Area > The History of Black Earth
A brief history of Black Earth by Tony Schreiner, Black Earth Historical Society
Prior to European immigration to this area, evidence of Indian settlements dot theBlack Earth Valley. One prominent symbol was a “Man Mound.” This particular mound had a torso oriented east-west and was approximately 100 feet long. The legs were estimated to be about 600 feet and each arm extended in a north-south fashion at an probable length of over 300 feet. The head was twenty-five feet in diameter and, along with the torso, was over five feet high. A house currently resides where the
chest of the effigy mound was located.
The first recorded settlement of European immigrants in the Black Earth valley dates back to 1843. These early settlers were mainly comprised of members of The British Temperance Emigration Society. Approximately twenty immigrants from this Society settled in Black Earth between 1843 and 1850. The first “wave” of English emigrants was followed by Irish and Norwegian settlers, who moved into surrounding locations within the Black Earth valley.
In August of 1850 the village was platted. At that time it consisted of six blocks. Additions were successively made in May 1854, December 1855, and March of 1856, and by 1857 Black Earth had become the first incorporated village in Dane County outside of Madison. George High served as the first president of the village board.
Early on, agriculture and agricultural-related businesses became a prominent fixture of this community. In 1850 John B. Sweat built a grist and flour mill located at the current site of The Shoe Box on the corner of USH 14 and STH 78. During the 1860’s and 1870’s, at its peak, the mill had three runs, and was producing two grades of wheat flour and grist, or cattle feed. By 1858, one year after the Milwaukee & Mississippi Railroad linked the states largest city to the Mississippi River,
Thomas Barber opened a hardware and implement store. It was located at the current site of The Black Earth State Bank.
On April 9, 1894, the Patrons’ Mercantile Company opened its first store at the current location at the corner of Mills and Ray Street. In 1897 it moved to a store at the corner of Spring and Mills Sts. This co-operative, which changed its name to The Patrons’ Mercantile Co-operative in 1960 (name changed to Premier Co-operative in 2001), is the oldest ongoing consumer co-op in the United States, if not the
world. The co-operative was originally established to stabilize the Black Earth economy and to insulate the local markets from wildly unpredictable outside influences. From the beginning the co-operative prospered, with the exception of 1933 when a fire destroyed the store and nearly all of its contents. A new store was built on the same site in less than ten months, and the organization continues to thrive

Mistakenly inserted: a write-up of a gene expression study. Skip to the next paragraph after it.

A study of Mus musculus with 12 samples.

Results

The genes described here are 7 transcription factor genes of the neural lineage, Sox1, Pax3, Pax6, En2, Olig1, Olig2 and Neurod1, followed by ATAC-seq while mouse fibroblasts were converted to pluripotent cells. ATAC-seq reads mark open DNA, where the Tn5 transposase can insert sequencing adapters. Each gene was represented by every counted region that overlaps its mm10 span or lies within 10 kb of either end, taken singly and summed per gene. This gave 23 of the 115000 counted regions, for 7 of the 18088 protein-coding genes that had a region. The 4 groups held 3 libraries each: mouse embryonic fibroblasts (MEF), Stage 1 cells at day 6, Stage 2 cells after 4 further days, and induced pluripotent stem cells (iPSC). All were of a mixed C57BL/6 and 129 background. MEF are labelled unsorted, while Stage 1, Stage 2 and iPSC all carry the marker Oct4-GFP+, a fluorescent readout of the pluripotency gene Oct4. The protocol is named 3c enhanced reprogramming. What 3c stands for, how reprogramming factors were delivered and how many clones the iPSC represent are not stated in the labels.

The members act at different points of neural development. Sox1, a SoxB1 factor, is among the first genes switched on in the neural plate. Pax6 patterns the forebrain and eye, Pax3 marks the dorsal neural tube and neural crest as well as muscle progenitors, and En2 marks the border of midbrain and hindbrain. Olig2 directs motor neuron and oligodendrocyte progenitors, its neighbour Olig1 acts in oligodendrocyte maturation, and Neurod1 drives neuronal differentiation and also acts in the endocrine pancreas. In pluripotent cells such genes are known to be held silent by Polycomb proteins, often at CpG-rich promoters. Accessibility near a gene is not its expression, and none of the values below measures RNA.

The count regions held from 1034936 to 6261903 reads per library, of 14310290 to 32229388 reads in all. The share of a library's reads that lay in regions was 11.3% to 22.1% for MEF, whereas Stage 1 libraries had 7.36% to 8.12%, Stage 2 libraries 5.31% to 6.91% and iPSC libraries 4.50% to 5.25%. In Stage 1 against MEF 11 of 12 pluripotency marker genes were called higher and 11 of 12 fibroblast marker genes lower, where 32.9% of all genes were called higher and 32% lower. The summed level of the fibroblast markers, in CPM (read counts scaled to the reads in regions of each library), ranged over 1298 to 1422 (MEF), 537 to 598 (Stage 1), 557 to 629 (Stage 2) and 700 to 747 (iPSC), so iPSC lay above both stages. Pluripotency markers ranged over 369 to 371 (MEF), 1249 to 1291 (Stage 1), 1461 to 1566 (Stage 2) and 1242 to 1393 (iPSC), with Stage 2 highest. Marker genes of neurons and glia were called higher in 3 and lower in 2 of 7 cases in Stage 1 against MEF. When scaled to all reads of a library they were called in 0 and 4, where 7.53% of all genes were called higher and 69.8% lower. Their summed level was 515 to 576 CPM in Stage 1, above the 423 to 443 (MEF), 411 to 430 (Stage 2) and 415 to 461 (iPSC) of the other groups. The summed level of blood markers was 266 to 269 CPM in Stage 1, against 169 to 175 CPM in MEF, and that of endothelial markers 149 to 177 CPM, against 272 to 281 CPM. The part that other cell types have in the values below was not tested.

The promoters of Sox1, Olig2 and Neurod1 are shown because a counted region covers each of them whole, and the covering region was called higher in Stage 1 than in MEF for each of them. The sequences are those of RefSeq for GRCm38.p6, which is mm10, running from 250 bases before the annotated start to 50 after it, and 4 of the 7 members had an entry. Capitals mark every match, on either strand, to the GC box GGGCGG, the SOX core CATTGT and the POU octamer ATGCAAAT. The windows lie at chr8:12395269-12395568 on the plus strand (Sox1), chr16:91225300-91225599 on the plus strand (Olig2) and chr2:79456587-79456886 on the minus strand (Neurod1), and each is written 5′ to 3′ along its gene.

to this day.
Two other notable businesses to prosper briefly in the village were:
- Barsness Manufacturing Co. (1920’s and 1930’s) – Designed, manufactured, and sold
barn stancheons. Headquarters, corporate and manufacturing, located on Center St.
just north of the Black Earth Elementary School.
- Lakeside Manufacturing Co. (1920’s) – Manufacturer and sellers of the Lakeside and
Family Electric Dishwasher. Corporate headquarters were located in Madison; manufacturing
plant was located in Black Earth (present location of the Black Earth Municipal
Recreation, historically, has, and still does, play a special role in the village. Home Talent baseball has had a home in this community since the inception of the organization, back in the early 1930’s. Trout fishing along the world-famous Black Earth and Vermont Creeks has been an annual tradition since the 1890’s. During the 1870’s, the Wisconsin Valley Agricultural Society, an organization similar to the Grange, established a local fair. The host site alternated with the neighboring community of Mazomanie. By the turn of the twentieth century another local festival, Field Days, had already been established. With the exception of a brief period during World War II and the late 1950’s, this ongoing celebration has been an annual event.
The Black Earth Historical Society
More recently, August 1992 to be exact, The Black Earth Historical Society was organized. Affiliated with the State Historical Society of Wisconsin, it has two charges: to preserve and to educate the history and inhabitants of the Black Earth valley, respectively.
Since its inception, and with the help of local government, businesses, and citizens,
this Society has restored and refurbished the Black Earth Depot into a local museum.
It is open during the summer months on Sundays 1-4PM and by special appointment.